Lawrence Livermore National Laboratory

Tae Wook Heo

Computational Materials Scientist

Materials Science Division

July 27, 2020

What do you like about working at the Lab?

My working life at LLNL is really exciting and dynamic. I really enjoy working with talented and highly motivated team members. Having scientific discussions with them is my favorite activity during my working hours. At the Lab, I can participate in a wide spectrum of research projects ranging from fundamental science projects to highly applied engineering projects. As I continue my career and research experience at the Lab, I feel that I become a better scientist.

What do your day-to-day work activities include?

Most of my time is dedicated to communicating with team members and collaborators to discuss research scope, plans, funding opportunities, results, and challenges. In addition, I communicate with supercomputers to run simulations of materials behavior at the microstructure-level to support many projects associated with energy storage, actinides, corrosion, metal additive manufacturing, and so forth.

What is one project you’re really proud to have worked on?

Since 2015, I have been part of the Hydrogen Materials–Advanced Research Consortium (HyMARC), which is a consortium of multiple national laboratories for solid-state hydrogen storage materials as part of DOE’s Energy Materials Network. HyMARC is a multidisciplinary program under which I have learned so many new things from extensive collaborative research activities with my colleagues at LLNL and other national labs. In particular, my contribution involves defining the roles of mesoscale modeling within the consortium and leading microstructure-level research tasks. I’m really proud of being part of this excellent consortium and working with such brilliant people.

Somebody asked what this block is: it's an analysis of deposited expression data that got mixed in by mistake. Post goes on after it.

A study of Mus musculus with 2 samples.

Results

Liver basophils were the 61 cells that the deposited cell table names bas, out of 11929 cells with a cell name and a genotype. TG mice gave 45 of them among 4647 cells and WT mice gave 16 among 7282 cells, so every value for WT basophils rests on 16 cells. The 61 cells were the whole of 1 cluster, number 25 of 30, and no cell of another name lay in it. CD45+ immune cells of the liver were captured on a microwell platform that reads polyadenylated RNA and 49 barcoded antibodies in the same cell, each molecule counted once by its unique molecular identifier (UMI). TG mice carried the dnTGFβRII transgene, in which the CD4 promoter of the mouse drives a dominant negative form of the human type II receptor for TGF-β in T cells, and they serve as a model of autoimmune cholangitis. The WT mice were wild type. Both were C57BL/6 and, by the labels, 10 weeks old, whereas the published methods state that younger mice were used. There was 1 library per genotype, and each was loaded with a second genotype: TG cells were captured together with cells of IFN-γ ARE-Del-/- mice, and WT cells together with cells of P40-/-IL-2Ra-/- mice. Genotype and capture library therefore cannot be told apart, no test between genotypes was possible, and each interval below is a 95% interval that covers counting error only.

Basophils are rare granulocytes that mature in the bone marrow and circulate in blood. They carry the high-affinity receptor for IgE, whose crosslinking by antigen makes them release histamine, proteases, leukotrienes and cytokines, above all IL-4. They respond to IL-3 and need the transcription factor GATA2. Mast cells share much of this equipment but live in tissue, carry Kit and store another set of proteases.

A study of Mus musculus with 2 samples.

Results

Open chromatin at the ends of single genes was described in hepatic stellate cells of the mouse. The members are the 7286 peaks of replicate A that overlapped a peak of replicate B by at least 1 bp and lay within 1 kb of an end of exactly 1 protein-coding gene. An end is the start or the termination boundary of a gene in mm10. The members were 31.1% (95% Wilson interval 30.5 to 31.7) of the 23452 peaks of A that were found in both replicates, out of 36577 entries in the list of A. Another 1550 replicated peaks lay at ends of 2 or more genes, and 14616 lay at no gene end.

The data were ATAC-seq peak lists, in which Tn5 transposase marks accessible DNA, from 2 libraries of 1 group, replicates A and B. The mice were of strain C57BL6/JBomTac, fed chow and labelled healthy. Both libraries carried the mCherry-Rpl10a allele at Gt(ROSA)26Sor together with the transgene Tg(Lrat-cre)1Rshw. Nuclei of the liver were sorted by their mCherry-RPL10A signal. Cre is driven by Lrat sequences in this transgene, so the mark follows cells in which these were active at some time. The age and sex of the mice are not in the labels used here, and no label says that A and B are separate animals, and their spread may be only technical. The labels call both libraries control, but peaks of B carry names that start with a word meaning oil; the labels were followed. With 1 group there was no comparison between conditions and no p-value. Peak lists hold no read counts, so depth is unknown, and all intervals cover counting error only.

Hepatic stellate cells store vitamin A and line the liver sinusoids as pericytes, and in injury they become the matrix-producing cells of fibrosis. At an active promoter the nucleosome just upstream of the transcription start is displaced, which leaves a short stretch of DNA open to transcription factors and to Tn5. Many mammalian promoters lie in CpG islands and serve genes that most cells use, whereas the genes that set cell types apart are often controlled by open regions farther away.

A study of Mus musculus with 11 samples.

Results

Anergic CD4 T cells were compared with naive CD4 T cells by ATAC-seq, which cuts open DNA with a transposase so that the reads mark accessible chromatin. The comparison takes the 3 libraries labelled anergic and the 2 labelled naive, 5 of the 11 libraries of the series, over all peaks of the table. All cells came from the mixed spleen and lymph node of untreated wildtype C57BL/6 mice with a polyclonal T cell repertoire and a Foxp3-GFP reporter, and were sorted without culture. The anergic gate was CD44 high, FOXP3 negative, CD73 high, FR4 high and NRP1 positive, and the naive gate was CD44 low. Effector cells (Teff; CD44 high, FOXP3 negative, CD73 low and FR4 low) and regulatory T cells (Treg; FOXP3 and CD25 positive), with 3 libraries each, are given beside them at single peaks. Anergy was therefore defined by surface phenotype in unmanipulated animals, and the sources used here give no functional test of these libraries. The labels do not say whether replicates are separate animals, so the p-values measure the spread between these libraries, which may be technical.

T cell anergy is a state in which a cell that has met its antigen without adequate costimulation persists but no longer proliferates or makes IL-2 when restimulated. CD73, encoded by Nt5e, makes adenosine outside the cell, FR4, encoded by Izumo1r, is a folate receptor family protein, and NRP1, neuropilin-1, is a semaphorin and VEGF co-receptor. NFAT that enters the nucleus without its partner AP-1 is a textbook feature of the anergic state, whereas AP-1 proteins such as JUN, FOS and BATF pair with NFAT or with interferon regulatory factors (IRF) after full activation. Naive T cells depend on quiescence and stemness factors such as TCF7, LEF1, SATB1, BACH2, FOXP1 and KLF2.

What is your educational or career background?

I received my PhD in materials science and engineering from The Pennsylvania State University. My academic training during my PhD study was focused on materials theory and modeling of complex microstructure pattern formation and evolution. I have an MS and a BS in materials science and engineering from Seoul National University in Korea. I’ve been at LLNL since 2013.

What inspired you to go into your field of work?

I was inspired by the fact that complex materials phenomena can be described by relatively simple principles and governing equations, which I learned from the graduate course “Kinetic Processes in Materials” during my master course in Korea. In addition, I was fascinated by the fact that complicated microstructural patterns can be predicted by numerically solving a set of equations on supercomputers. Computational materials science is really attractive to me because it integrates physics, chemistry, and applied mathematics.

What advice would you give to a new employee at the Lab?

Be proud of working at LLNL! You are working with the most brilliant people in the world. Also, be confident of your expertise in your field. You are hired because you are the best! Explore opportunities for working with great teams and participating in great research programs. Think about prioritization of your tasks when you are involved in multiple projects. Efficient time management is critically important to make your research life happy. Improve your communication skills. Effective communication skills are extremely important when you work in a multidisciplinary team.

What do you do in your free time?

In my free time, I try to be a good playmate for my two kids.